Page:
By Paul Partica, The Cheese Shop Of Centerbrook
A state that allows the sale of both wine and cheese in the same retail location might just be heaven on earth to some. Unfortunately, Connecticut is not one of those states.
The role of a cheesemonger is very similar to that of a wine connoisseur. Most of us know how to approach our local wine merchant or sommelier and have likely learned the right questions to ask. For example, you might inquire about such topics as where to store the Bordeaux or the Chardonnays. You may also have learned the basic types of wines and what you particularly like, so you can now order by this classification.
Buying cheese is the same. A cheesemonger should be well-versed in different cheese characteristics and be able to show you them by example. I break these characteristics down into 12 families of cheese. And there are no set rules regarding this; it is simply a method I have created to help organize and understand different types of cheese.
When a customer asks what’s good, they might be asking what is available in fresh condition or on special that day. It might also mean that they don’t know much about cheese, other than knowing they generally like it. It is the cheesemonger’s job is to satisfy their needs. Asking questions as to what kinds of cheese they already know they like or what characteristics they might be looking for can help determine what direction to go in in terms of showing the best in that particular family of cheeses.
I always appreciate the customer who asks something like, “What do you have in a sharp cheddar or creamy blue that’s in good condition?” This opens up the customer’s options much more than referring to a specific brand. Or you might say, “I like Danish Blue Castello; do you have something similar I might like better?” This now gives the cheesemonger a chance to do his job.
Here’s a quick list of the 12 cheese families:
Fresh Swiss Cheddar English
Dutch Port Salut Tilsit Blue
Hard Soft-ripening Washed Rind Sheep & Goat
Another role of the cheesemonger is to carefully buy cheese based on quality and current condition. In some cases, a skilled monger aims to buy cheeses when they are still young, as in the case of soft-ripening and washed-rind cheeses. Cheese selection is of utmost importance.
I think many understand what I mean when I refer to a cheese as a Brie-style, but Brie is only one of hundreds of cheeses in the soft-ripening family. Also included in this family are very young cheeses – about thirty days old – which start with a center core that slowly ripens and softens as the cheese ages. If this doesn’t help you, ask your favorite cheesemonger to show you a soft-ripening variety the next time you’re buying cheese.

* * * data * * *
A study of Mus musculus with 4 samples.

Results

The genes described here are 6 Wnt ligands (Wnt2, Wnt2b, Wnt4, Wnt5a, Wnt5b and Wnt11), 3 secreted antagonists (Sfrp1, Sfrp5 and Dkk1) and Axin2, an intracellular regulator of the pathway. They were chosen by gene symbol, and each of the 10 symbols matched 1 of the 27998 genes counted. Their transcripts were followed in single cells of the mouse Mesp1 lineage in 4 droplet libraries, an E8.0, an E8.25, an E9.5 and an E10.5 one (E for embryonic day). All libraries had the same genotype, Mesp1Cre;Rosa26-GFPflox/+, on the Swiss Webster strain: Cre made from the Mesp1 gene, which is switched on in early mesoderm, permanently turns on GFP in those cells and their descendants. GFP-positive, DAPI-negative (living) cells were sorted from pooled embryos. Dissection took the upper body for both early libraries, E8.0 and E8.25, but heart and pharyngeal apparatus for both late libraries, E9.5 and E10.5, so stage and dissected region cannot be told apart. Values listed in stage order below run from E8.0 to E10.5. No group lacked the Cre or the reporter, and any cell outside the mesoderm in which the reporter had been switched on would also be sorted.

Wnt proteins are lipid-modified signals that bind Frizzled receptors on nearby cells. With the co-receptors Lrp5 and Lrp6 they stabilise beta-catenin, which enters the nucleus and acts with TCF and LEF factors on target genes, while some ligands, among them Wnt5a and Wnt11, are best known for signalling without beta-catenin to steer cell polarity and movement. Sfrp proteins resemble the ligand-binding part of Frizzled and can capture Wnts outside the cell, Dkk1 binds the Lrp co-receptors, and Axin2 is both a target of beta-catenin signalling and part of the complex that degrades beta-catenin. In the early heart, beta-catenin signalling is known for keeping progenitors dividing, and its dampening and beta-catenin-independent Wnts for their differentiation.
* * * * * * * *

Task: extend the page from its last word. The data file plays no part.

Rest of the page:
Unfortunately, many of the Bries and Camemberts found today have been over-stabilized to meet the long shelf life required by supermarkets and are therefore poor examples of the soft-ripening family. If you like soft, creamy Brie, you might ask your cheesemonger, “What do you have in a good soft-ripening cheese today?” A proficient monger should be prepared to show you what’s available and what might meet your taste profile.
Some cheesemongers are also affineurs. The affineur is the person whose job is to control the process of ripening and aging cheese. Cheeses need to be kept under proper temperature and properly wrapped so they can mature and be sold at peak condition. It is very important the cheese does not over-ripen or dry out. This why you should always try before you buy. You may generally know the cheese but you don’t know about the history of the specific wheel in front of you.
In addition to carrying local and domestic cheeses, a good cheesemonger needs to have an ample international collection as well. Many cheeses don’t duplicate well when made in the United States. Your cheesemonger should make you aware of this. Variety is also important; an accomplished monger will carry cheeses from all families.
Another role of the cheesemonger is to create a nice pairing of cheeses for you. Asking questions of the customer such as, “What else will you be serving with the cheese; what are the beverages being served; and what time of day will they be served?” are all good inquiries in helping to determine the right cheeses for the event.
Lastly and most importantly, a cheesemonger should be a teacher. Since there are over 12,000 cheeses (and growing) in the world today, he or she should understand that the customer is not going to know most of the cheeses available. To help avoid intimidation, a good cheesemonger will offer samples and see where the customer is headed in terms of taste preferences. To learn more about cheese families, visit the blog on our website to read the article entitled “Breaking it Down: The 12 Families of Cheese.”